The City of Montreal is facing a lawsuit over the proposed Great Western Park, as three developers are arguing they lost 14 lost years of efforts and investments to build homes in the area.

The developers are seeking $175 million in damages for plans to have 5,500 homes on almost 360 hectares of land in western Pierrefonds, which is part of the proposed massive urban park.

"They can't get away with simply confiscating my clients' land," said Ali Argun, lawyer for the plaintiffs. "The city with Mayor Plante's announcement has simply changed the vocation and the designation of the land so my clients can no longer build."

The mayor's office was unavailable for comment Wednesday on the lawsuit, but a spokesperson for the city said the suit did not change plans for the park.

Coalition Montreal City Councillor Marvin Rotrand said the city was premature in proposing the park.

"It's nice to have good intentions. In some ways, Valerie Plante is very utopian," said Rotrand. "She wants all the good things in life for everybody. However, when you're in government, you have to act pragmatically. You have to have the money. You have to respect people's rights. You can't just say, 'I'm taking it away from you because I think it's good to have a park here.'"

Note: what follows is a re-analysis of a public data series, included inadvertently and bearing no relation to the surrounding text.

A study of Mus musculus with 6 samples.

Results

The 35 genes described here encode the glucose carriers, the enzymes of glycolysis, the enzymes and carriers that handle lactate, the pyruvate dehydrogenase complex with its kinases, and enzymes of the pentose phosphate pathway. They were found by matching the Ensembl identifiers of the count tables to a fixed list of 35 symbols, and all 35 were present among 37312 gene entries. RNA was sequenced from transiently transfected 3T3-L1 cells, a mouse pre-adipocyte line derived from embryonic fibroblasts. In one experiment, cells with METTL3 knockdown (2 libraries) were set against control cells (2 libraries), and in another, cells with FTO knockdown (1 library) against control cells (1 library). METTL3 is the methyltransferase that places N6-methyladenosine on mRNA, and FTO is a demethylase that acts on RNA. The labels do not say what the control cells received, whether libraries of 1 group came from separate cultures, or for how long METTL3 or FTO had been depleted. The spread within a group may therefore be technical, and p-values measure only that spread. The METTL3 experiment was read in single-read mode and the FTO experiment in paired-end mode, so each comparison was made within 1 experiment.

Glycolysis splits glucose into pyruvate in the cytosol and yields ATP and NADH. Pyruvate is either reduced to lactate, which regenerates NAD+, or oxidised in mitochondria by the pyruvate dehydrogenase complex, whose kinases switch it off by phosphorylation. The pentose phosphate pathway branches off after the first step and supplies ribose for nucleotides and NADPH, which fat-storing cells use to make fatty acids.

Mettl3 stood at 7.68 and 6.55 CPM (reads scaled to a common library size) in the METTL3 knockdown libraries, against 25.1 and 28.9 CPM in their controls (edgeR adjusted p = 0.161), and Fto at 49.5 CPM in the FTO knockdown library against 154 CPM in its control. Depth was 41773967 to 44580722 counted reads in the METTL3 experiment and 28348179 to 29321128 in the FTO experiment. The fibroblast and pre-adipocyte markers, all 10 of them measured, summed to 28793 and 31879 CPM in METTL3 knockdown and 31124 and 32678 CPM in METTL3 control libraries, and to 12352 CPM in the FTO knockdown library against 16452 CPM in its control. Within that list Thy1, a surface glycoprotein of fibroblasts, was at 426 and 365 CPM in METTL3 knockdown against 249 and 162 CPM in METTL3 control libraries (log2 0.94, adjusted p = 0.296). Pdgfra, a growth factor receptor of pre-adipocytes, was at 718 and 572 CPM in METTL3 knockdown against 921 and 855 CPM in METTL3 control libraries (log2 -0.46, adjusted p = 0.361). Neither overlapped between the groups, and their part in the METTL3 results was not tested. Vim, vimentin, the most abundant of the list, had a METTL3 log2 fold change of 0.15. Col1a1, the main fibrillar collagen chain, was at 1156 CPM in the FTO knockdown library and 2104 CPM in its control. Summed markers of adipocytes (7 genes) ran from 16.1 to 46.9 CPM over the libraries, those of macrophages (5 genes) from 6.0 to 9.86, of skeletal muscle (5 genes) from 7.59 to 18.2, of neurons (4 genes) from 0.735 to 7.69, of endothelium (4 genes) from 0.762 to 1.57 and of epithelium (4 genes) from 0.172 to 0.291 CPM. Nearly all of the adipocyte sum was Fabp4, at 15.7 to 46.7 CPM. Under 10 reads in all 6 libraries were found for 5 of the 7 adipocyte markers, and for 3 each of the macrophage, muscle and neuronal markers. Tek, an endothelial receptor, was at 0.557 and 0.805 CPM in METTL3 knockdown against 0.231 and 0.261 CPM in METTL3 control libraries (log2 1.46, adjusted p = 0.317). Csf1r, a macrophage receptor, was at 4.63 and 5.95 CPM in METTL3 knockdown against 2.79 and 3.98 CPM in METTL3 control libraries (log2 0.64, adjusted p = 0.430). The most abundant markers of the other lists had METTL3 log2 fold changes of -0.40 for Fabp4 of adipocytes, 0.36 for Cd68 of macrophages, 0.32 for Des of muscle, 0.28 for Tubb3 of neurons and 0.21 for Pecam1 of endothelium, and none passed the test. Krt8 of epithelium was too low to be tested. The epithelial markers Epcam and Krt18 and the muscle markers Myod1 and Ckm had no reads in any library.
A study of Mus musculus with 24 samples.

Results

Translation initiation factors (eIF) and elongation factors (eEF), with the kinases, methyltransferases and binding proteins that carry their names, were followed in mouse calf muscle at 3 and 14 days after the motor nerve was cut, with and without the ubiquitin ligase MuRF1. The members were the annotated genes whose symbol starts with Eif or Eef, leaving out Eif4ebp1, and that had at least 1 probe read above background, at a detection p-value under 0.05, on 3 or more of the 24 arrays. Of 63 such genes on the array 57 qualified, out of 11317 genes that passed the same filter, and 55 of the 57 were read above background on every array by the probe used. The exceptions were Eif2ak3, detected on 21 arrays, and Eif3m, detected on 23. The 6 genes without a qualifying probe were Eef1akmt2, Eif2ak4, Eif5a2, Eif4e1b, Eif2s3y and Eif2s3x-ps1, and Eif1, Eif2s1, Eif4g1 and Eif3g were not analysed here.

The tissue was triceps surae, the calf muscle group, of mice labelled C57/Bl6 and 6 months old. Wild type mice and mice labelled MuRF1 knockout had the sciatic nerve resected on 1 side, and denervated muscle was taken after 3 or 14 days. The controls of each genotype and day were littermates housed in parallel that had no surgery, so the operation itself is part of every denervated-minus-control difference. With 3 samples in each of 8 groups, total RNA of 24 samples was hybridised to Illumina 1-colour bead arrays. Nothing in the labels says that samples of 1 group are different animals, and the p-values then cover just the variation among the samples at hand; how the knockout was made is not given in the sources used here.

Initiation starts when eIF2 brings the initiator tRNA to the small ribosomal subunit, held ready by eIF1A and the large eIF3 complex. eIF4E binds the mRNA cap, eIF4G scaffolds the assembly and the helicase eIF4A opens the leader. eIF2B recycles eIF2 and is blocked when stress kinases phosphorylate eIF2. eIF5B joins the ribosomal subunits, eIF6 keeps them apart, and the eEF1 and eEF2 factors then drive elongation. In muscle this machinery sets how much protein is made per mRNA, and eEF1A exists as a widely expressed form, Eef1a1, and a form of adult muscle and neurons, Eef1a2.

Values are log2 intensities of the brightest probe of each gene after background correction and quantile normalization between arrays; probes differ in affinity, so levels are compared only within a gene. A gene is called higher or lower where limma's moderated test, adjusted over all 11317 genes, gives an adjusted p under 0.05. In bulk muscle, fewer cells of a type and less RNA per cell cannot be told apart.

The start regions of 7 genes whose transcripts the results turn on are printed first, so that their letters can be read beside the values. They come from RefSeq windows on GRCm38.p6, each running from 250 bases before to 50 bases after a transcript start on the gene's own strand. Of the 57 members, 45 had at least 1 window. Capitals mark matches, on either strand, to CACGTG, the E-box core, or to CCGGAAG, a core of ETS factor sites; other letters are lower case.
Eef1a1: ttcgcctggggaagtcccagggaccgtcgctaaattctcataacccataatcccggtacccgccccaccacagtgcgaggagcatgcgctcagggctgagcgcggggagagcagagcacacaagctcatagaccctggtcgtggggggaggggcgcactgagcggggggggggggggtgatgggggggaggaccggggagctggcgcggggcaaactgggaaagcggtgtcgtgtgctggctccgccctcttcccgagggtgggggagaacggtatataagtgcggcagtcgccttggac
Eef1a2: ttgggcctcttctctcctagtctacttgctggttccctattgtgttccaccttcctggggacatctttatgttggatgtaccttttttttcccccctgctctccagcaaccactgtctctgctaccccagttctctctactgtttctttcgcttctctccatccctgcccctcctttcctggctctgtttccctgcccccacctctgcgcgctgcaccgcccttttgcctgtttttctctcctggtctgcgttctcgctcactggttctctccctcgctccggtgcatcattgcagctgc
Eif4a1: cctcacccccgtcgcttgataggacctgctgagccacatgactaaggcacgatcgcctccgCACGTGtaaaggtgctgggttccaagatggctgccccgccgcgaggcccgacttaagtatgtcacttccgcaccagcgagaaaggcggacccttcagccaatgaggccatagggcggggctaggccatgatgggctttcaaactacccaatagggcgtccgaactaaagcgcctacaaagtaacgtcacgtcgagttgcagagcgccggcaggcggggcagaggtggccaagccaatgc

Rotrand added criticism to the city's proposed pink metro line calling it a "fantasy to begin with" and that the city loses face when it proposes plans and changes them.

"It diminishes the credibility of the city administration not only with the public but with the partners within the government of Canada and the government of Quebec," said Rotrand.

Some environmental groups, who have been pushing for a park of this size for years, want the movement to go even further hoping the project serves as inspiration to other governments.

"We do hope the provincial government will come to aid the City of Montreal in this endeavour financially. We know that Mr. Legault has some environmental creds to make up and this would be one way to do it," said Green Coaltion vice president David Fletcher.

The suit was lodged against the City of Montreal, Pierrefonds, Plante and Projet Montreal. Plante announced in August that all the land in the area, including that zoned for residential use would be rezoned and used for the proposed 3,000-hectare park.

Plante was at the United Nations earlier this week lauding the park as one of the things cities can do to reduce carbon emissions and increase cities' eco-footprints.

"Rather than destroying hundreds of hectares of natural spaces and wetlands, we will create the largest urban park in Canada, eight times the size of Central Park," said Plante.


This is a developing story that will be updated.